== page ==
Contents of the cavities of the chest and abdomen
Contents of the cavities of the chest and abdomen (fig 2.11)
The interior of the trunk houses the cavities of the chest and abdomen, which are separated from each other at the level of the lower ribs by a dome-shaped muscular partition called the diaphragm.
The chest cavity is enclosed and protected by the doralventebrae at the back and the ribs and breastbone at the sides and in front.
It contains the following organs, most of which are involved in the circulation of the blood or breathing:
· On either side are the right and left lungs, which together fill the greater part of the chest cavity.
· The windpipe or trachea lies along the vertical middle of the neck and divides into two smaller tubes, the right and left bronchus, each of which enters the corresponding lung.
· The central portion of the chest is occupied by the heart and the great blood vessels which issue from it or enter it, namely the aorta and pulmonary artery, and the corresponding great veins.
· Behind the heart the gullet runs down from the neck where is lies behind the windpipe, to the diaphragm through which it passes to enter the stomach.
The abdominal cavity contains a large number of important organs most of which are involved in the digestion of food. It is protected at the back by the backbone, above by the lower ribs, and at its lowest portion by the pelvic bones. This portion lies wholly within the pelvis and is called the pelvic cavity.
· The stomach lies in the upper part of the abdomen immediately below the diaphragm, and mainly to the left side of the middle line. It is continuous with the gullet at the top and with the small intestine at its lower part.
· The coils of the small intestine form a tube some six metres long, and occupy the central portion of the abdomen.
· In the right lower corner of the abdomen the small intestine joins the large intestine, which passes up the right side of the abdomen, then across it just below the stomach, and finally down the left side, and through the cavity of the pelvis to end at the anus. The large intestine is about 1,5 m long.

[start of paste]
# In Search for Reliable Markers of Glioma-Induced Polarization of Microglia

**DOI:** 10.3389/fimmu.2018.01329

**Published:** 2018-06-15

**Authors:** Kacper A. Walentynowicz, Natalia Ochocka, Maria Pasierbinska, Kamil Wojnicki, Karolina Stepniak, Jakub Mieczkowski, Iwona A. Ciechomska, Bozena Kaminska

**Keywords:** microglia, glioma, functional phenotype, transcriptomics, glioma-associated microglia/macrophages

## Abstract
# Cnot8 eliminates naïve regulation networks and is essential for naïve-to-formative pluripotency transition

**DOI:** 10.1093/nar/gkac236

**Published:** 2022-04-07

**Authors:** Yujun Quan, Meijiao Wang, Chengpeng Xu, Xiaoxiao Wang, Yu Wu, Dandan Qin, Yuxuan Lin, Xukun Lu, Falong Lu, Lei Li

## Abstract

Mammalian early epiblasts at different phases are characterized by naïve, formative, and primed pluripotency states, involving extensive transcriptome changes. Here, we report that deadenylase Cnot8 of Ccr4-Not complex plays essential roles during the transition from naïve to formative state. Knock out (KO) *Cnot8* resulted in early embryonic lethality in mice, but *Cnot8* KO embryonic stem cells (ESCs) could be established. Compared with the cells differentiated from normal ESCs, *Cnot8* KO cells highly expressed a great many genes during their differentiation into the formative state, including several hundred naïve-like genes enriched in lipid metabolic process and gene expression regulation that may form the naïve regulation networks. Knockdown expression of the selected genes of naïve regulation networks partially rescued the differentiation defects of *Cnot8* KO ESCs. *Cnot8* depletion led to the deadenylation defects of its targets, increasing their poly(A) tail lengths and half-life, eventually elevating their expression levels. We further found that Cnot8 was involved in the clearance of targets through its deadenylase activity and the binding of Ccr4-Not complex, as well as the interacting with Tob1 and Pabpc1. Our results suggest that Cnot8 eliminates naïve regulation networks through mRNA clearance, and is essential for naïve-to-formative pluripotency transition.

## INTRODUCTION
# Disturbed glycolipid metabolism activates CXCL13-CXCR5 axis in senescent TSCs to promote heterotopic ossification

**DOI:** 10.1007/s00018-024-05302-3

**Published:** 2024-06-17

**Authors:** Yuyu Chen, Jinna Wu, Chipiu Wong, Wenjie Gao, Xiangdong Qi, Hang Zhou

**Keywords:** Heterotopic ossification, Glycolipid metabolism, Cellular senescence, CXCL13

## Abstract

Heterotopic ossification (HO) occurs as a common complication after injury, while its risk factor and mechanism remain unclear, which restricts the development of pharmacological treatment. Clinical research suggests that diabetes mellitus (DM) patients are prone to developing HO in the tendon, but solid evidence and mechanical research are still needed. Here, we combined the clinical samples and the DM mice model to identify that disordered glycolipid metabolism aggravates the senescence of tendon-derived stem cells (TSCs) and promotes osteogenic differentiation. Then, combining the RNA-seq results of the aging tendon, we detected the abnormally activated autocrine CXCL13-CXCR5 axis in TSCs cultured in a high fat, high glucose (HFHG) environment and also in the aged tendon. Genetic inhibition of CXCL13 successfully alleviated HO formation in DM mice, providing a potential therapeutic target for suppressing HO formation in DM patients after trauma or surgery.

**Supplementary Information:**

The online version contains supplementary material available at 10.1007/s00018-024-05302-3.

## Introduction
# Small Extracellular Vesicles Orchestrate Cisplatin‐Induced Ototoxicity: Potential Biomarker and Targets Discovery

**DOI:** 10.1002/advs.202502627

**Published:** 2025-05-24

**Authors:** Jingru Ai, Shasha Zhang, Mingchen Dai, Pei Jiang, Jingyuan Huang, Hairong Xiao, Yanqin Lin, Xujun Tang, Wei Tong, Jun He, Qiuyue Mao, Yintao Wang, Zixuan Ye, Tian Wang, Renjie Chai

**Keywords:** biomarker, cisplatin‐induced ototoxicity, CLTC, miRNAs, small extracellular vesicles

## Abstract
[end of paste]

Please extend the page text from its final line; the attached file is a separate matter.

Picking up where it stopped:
· A small worm-like blind tube about 10 cm long called the appendix is affixed to the large intestine close to the point where the small intestine enters it.
· The mouth, throat, gullet, stomach, small intestine and large intestine together form a continous tube, the digestive canal, through which the food passes in digestion (fig 2.11, 2.12). Connected with the digestive canal in the abdomen are two organs, the liver and the pancreas.
· The liver occupies the right upper part of the abdomen, immediately below the diaphragm, and extends across the middle line to the left. It lies almost wholly under the lower ribs. This large organ produces the bile which, after being stored in the gall bladder (a small sac at the lower end of the liver) enters the small intestine not far from where the intestine begins by a duct or tube (fig 2.12).
· The pancreas lies in the angle between the stomach and the small intestine. It produces an important digestive juice, and the duct which conveys this juice to the small intestine enters the bowel at the same point as the duct which carries the bile from the liver (fig 2.12).
· To the left of the stomach, in the upper part of abdomen, covered by the lower ribs, lies the spleen, an organ which inter alia helps with the formation and break-down of blood.
· The kidneys (fig 2.14) lie at the back of the abdominal cavity, one on either side of the spine, with upper halves covered by the ribs. They are not involved in digestion; their function is removal of waste matter from the body. They withdraw water and other waste matter from the blood passing through them, and this forms urine. The urine leaves each kidney through a tube (the ureter), and both tubes enter the bladder, which lies in the pelvic cavity at front.
· The abdomen also contains the lower part of the aorta and its branches, the corresponding great veins, and many important nerves, especially sympathetic nerves.